Ziva and Tino share a warm bed

Consider an older dog when adopting!


  1. The owner acquired a puppy and did not understand the commitment it would take to raise the puppy. The owner gave up at around 18 months of age because the now larger unruly adolescent dog is destructive, untrained, and more than the owner can handle


  1. The adult dog ends up in a shelter because the owner can no longer care for the dog due to a death in the family, change of income, change of environment, or something else beyond human control.

So, while that adolescent dog in the shelter may be the dog you lean toward because you believe that young dog will live longer, don't overlook that older dog! The young dog probably has some behavior issues that will need to be addressed and will likely require training and maybe even house training.

The older dog may simply be displaced from what was a stable loving home. I have experienced this first hand. I have several friends who make it their mission to adopt “the un-adoptable”. These are almost always old dogs. My friend Sally, gives these elderly 4-legged citizens love, comfort, shelter, appropriate exercise and good nutrition until they pass. Sally says she has always gotten more from these relationships than she gives, and although saying goodbye is hard, she believes her calling is to be open to the next senior who needs a home. My husband, Walt, and I have adopted for sanctuary a very senior dachshund named Tino. Tino came to us through a wonderful rescue group, Dallas - Fort Worth Dachshund Rescue. Rescue groups are usually unable to take in elderly dogs if there numbers are high since they are harder to adopt. Tino, had been owned by someone who either could no longer care for him or had passed leaving Tino homeless. Tino was quite elderly when he arrived into the system. The minute I met Tino, I knew what a wonderful boy he is. There is something about his wise expression that moved me.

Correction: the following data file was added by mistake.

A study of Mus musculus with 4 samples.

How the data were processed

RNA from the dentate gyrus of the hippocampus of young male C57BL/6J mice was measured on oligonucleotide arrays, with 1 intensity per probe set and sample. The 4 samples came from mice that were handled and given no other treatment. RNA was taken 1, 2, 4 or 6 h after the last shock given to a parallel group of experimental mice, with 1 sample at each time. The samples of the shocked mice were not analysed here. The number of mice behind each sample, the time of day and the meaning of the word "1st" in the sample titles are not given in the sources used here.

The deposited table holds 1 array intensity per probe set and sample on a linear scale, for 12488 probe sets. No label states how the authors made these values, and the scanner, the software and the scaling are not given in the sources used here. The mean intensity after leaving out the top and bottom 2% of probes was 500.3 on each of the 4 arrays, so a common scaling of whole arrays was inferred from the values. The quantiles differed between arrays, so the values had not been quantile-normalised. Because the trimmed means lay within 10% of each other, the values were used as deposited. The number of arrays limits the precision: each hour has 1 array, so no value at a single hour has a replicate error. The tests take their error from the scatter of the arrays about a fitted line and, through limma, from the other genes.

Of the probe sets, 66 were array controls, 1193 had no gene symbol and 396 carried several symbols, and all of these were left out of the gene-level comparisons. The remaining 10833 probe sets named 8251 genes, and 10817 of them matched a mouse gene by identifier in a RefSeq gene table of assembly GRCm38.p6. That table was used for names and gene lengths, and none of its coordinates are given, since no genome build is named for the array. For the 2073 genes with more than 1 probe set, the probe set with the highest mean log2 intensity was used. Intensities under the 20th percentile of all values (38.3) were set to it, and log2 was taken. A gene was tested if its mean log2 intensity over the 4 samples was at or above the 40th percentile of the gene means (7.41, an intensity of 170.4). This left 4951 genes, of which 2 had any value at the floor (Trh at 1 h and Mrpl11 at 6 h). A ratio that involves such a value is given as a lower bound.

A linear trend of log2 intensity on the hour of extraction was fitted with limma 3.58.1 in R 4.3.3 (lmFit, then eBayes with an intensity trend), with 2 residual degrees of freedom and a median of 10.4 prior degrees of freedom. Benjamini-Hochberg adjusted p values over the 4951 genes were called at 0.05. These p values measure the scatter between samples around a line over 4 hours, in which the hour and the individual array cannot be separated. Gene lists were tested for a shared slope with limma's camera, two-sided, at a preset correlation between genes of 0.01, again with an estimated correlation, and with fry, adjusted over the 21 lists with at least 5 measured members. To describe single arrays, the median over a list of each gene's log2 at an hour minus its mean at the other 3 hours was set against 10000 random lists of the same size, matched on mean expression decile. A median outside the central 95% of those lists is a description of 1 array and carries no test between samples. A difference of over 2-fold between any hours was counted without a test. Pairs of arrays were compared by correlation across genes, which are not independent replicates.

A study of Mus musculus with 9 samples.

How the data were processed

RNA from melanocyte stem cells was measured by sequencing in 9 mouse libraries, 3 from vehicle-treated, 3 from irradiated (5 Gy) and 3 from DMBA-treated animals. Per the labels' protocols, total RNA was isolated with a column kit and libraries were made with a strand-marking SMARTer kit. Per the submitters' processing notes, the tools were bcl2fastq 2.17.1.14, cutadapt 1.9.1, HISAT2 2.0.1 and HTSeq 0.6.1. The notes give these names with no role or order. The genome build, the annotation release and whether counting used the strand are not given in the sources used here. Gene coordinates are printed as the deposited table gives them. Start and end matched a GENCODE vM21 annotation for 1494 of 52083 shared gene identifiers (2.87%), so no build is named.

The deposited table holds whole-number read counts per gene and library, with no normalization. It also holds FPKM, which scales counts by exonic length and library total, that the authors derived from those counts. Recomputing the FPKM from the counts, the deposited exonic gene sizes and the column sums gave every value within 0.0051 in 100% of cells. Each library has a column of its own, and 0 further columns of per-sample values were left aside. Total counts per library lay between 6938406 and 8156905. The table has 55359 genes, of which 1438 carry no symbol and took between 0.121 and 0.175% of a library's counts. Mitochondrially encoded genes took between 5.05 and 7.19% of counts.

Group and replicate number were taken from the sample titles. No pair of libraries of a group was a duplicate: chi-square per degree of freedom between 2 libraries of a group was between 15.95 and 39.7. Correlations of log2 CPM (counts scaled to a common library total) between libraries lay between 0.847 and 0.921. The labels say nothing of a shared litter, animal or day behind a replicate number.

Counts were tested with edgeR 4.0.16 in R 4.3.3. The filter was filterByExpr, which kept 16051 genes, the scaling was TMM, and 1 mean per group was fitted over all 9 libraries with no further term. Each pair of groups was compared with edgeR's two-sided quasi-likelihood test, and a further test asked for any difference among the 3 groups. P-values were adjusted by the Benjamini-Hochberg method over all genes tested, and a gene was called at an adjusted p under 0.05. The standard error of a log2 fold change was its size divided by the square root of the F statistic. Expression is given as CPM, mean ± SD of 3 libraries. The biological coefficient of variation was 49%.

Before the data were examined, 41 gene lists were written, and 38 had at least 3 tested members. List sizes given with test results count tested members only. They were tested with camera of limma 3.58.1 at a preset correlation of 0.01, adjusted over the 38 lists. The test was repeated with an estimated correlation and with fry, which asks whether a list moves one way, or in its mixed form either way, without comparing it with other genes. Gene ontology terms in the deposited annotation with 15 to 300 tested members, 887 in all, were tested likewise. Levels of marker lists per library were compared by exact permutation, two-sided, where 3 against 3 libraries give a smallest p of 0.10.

We adopted Tino for sanctuary in June of 2019 when he was 12 years old. We believe he had been an only child before coming into the program and into our home. He was a bit stiff and moved much like a little old man. After only a few days joining our other three dachshunds, Tino had a new bounce in his step and was clearly enjoying the increase in activity in our home. Tino has formed an especially close bond to Ziva, our miniature wire haired girl who is about 2 years younger than him. He has also claimed me as his person, although he likes Walt as well.

Tino is now moving toward age 16. He has slowed slightly, but is still moving freely, wagging tail, chasing the other dogs and enjoying life. He is truly and easy keeper. We love him and are so happy that we opened our door and our hearts to this little man. Caring for an older dog requires some accommodations for age. Just like humans, elderly dogs may begin to loose eyesight, hearing, and may not be as good at holding their urine for long periods of time as when they were young. Anything you can do to ease their golden years is a gift to the dog. Consider offering the following:

  • brighter lights for navigation
  • non slip surfaces
  • a ramp or modified stairs for climbing steps
  • softer bedding
  • arthritis medicine, see your veterinarian
  • high quality food, perhaps soft food
  • appropriate activity to keep those old joints moving
  • frequent potty breaks
  • frequent nail trimming
  • keep the ears clean
  • plenty of cuddle and sleep time Consider that older dog! We are blessed that we did!